Abel Tesfaye's dark, twisted album is at odds with the glossy pop world he's been thrust into
London Shepherd's Bush Empire
The climax is even more ignominious, as [B]Angie[/B] decides tonight won't be complete unless we meet her three-year-old son...
Angie Stone has previously made music with D'Angelo (as well making one of her two children with him), and indeed, she often seems like his female counterpart. She moves in an orbit where the mysterious, the richly textured and the honey-smooth rule. Spirituality? You bet, more of it than a whole week in mass as she brings on unashamedly gentle songs like 'Life Story' and her admirably erratic studio collusion with D'Angelo himself, 'Everyday'.
So hers is truly an undefiled, halcyon-era soul thing, and thus, in many respects, truly an old thing. With young guns like Kelis screaming, hollering and making Technicolor waves, Angie, who's been plugging away in this business since starting out with Sugarhill-signed female rap outfit The Sequence, can't help but seem a vintage offering. It's no wonder she sounds so at ease covering Marvin Gaye's rapturously sublime 'Trouble Man', or why her version of Joyce Sims' shiver-inducing 'Come Into My Life' rolls out so perfectly.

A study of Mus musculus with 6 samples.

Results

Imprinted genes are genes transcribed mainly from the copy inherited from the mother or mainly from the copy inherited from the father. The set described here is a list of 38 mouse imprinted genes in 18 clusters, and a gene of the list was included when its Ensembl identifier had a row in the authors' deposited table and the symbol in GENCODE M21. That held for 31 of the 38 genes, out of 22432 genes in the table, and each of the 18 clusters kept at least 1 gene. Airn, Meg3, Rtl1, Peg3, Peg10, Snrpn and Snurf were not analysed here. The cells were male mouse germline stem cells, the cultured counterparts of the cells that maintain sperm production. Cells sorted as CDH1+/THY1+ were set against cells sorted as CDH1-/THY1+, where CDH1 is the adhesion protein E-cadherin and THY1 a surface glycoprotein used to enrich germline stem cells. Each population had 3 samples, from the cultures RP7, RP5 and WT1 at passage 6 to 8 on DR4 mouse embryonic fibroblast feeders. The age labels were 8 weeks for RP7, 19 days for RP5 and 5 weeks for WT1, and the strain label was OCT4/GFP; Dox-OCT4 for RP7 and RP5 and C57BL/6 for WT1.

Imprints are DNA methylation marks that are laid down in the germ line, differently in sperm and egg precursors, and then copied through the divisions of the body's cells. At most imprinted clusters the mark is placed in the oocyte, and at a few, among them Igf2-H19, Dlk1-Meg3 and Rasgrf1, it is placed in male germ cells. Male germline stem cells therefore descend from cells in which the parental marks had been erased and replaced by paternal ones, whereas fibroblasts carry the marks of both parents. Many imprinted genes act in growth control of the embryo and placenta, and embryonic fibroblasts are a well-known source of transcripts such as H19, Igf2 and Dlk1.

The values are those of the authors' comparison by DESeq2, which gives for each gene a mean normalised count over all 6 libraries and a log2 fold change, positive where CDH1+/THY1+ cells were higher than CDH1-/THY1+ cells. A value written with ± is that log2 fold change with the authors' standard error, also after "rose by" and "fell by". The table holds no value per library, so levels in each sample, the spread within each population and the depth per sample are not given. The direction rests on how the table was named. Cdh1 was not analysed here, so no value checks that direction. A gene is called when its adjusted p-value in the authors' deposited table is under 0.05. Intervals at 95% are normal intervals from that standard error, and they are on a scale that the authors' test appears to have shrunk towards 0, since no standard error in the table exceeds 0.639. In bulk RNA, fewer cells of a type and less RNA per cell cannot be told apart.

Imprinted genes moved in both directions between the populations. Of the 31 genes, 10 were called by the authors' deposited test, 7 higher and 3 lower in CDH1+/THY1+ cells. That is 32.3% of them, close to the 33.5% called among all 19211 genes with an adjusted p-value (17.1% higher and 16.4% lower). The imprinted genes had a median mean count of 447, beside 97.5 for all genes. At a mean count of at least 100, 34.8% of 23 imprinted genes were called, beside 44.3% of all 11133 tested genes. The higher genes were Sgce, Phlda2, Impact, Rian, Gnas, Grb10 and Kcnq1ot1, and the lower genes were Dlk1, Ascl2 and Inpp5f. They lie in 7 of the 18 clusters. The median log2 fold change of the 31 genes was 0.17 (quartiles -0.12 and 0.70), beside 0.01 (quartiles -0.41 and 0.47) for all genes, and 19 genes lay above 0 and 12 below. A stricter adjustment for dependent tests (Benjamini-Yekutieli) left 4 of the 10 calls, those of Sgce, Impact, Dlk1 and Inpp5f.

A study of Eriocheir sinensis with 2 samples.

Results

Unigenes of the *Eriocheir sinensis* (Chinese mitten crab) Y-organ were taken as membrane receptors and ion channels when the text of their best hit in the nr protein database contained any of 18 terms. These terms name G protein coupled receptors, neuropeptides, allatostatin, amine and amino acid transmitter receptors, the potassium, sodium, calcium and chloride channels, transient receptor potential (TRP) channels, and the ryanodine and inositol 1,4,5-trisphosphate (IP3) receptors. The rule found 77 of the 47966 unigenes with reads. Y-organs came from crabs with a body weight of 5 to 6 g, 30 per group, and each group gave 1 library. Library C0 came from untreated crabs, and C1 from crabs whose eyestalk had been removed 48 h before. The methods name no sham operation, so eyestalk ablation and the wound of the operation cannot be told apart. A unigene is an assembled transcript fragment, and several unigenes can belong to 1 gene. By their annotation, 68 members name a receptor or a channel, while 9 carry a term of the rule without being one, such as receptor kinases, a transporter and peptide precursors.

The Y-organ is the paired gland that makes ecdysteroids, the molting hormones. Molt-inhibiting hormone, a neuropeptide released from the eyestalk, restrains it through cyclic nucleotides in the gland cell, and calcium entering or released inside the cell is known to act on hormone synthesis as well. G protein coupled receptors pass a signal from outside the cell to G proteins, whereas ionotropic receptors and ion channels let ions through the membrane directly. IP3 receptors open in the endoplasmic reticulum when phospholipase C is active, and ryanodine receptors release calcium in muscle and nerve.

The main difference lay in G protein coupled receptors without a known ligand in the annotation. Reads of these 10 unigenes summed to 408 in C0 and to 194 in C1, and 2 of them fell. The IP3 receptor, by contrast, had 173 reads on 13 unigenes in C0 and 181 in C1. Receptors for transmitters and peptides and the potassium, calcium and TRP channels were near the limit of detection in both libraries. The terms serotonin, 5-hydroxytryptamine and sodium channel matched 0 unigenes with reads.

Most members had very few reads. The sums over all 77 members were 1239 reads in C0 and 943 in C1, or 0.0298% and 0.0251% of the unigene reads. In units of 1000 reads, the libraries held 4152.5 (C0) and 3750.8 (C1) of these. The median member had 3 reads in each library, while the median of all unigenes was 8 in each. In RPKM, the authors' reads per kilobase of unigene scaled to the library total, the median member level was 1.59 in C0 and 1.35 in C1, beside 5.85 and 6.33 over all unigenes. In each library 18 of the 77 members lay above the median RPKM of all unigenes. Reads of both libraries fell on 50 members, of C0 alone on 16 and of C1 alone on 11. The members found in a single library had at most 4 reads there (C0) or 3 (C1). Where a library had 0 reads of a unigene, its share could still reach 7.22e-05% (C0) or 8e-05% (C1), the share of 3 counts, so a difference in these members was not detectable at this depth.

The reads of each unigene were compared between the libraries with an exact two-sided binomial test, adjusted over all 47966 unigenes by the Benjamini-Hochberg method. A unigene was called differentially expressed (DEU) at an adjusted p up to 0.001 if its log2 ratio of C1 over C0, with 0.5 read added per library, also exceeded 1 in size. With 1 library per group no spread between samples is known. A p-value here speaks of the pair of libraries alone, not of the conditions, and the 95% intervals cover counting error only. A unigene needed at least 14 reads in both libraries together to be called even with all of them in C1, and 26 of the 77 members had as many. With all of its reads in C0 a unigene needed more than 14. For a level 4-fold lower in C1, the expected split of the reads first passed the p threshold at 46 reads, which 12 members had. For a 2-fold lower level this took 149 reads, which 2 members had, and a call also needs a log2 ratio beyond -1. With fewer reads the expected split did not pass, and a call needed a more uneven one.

Perhaps age is also to blame for onstage behaviour that really should have been put out to graze by now. The protracted introduction to all eight members of her band we can just about cope with, but when we get a crushingly naff guitar solo from someone who's a dead ringer for Gianluca Vialli, really, we're on the verge of wedging fag ends in our ears.
The climax is even more ignominious, as Angie decides tonight won't be complete unless we meet her three-year-old son. Consequently, he's wheeled out to mumble unenthusiastically through a rap which, no surprise, doesn't ideally match the soul gravitas displayed earlier.
Meaning Angie's shakers weren't quite as loaded as they had at first seemed.